By KATIE BORKOWSKI
LE MARS/SAN FRANCISCO – A 2005 Gehlen Catholic School graduate, now working in cancer research as a postdoctoral scholar at the University of California, San Francisco, credited her Catholic education for providing a foundation for her career.
“I study the interactions between the immune system and cancer development,” said Dr. Megan Ruhland, the daughter of Michael and Nancy Ruhland, parishioners at All Saints Parish in Le Mars.
After graduating from Gehlen, she attended Creighton University where she graduated in 2009 with a bachelor of science in biology and Spanish. Then Ruhland went to Washington University in St. Louis where she received her Ph.D. in molecular cell biology in 2015.
She received an Irvington Postdoctoral Fellowship from the Cancer Research Institute (CRI). For more information about the Cancer Research Institute’s Fellowship program visit the website cancerresearch.org/scientists/fellowships-grants/post-doctoral-fellows.
“The CRI focuses on funding both fundamental and translational research in immunology with the overarching goal of finding better therapies and cures for the various types of cancer,” said Ruhland.
She noted recent breakthroughs in cancer therapy have demonstrated “the power of the immune system in combating cancer and thus the aim of current tumor immunologists is to harness that power to better control disease and ultimately eliminate cancer altogether. The postdoctoral fellowship is geared toward funding young scientists who have newly received their Ph.D. but have yet to move into a faculty position in academic research.”
“Cancer is a horrible disease that affects so many people,” said Ruhland. “To me, research is hope. While it is frustrating that progress, at times, can feel slow, the truth is that there is meaningful progress being made every day. I feel honored to be a part of a huge team of scientists from all around the world that are working to better understand the causes of the disease and are continuously striving to find cures.”
The goal of the fellowship funding, she explained, is to perform experiments that “add to our understanding of how the immune system identifies cancer cells in the body and, after having identified the cancer cells, how the immune system decides what to do with that information.”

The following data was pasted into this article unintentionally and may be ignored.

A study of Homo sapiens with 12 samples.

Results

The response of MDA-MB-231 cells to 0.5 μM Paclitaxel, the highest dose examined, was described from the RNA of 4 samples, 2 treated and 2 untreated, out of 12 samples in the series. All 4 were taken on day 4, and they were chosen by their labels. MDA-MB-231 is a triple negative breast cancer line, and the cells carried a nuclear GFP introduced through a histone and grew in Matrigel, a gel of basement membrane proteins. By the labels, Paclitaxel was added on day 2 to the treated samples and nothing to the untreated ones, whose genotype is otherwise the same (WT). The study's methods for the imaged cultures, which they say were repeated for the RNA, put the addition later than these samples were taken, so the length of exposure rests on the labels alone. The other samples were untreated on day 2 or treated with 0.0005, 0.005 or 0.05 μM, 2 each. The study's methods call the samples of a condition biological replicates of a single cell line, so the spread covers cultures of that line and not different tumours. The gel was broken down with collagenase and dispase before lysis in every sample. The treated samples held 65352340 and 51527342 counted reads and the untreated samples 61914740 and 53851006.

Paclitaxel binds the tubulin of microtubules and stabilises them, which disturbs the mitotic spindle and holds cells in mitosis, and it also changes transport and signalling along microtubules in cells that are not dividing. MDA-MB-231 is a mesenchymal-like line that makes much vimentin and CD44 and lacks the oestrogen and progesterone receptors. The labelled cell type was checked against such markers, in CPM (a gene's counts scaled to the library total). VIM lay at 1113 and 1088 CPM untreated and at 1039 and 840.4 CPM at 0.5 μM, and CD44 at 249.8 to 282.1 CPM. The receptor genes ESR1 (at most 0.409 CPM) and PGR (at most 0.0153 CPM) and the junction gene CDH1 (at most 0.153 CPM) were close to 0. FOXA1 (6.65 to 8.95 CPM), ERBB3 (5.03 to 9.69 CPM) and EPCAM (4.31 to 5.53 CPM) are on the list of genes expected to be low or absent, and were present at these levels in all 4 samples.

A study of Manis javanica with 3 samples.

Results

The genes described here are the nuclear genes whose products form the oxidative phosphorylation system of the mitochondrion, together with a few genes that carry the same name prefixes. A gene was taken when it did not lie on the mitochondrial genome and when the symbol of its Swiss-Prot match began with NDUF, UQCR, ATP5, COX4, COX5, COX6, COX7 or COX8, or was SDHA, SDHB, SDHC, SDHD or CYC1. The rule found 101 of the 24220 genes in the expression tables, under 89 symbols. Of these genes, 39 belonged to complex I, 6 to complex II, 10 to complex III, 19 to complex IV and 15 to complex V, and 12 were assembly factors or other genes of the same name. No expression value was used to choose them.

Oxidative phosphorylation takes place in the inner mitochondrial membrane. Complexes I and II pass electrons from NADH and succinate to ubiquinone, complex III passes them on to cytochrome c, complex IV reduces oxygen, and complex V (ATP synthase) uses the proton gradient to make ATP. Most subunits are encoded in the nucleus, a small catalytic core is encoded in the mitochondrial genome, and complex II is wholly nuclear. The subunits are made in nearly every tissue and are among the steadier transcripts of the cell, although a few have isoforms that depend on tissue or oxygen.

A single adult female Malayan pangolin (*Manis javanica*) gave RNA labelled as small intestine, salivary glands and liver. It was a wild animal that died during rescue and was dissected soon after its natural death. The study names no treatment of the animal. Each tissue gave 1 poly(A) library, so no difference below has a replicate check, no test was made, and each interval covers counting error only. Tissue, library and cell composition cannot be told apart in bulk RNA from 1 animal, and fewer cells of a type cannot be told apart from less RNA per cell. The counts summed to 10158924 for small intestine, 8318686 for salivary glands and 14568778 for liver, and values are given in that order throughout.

“My fellowship research is focused on the ‘handling’ and ‘dissemination’ of information throughout the different cell types of the immune system,” said the postdoctoral scholar. “We know that the immune system is very good at detecting invaders like viruses and bacteria, but while it seems as if the immune system can also initially detect cancers, something is going wrong with the functional output following detection.”
She and other researchers, Ruhland continued, want to find a way to “re-educate” the immune system “so it knows how to respond appropriately and can thus mount a direct and targeted response against the cancer, thus eradicating it just as it does when it encounters a virus or other infection.”
Ruhland credited the small class sizes at Gehlen, which allowed for a lot of one-on-one attention, for helping prepare her for what she is doing now.
“This was especially helpful in the advanced level classes where access to the teacher’s time is highly beneficial,” she said. “The classes could move through subject matter quickly since the teacher had a close sense of how each of us was handling the workload.”
The doctor added Gehlen provided a supportive learning environment “that setup a solid foundation in math and science. At Gehlen, I developed a love for the sciences that would eventually lead me to pursue a career as a cancer immunologist.”
When Ruhland isn’t working, she enjoys hiking with her husband Casey Lammers, going to movies and reading. In San Francisco, she is a member of St. Ignatius Parish.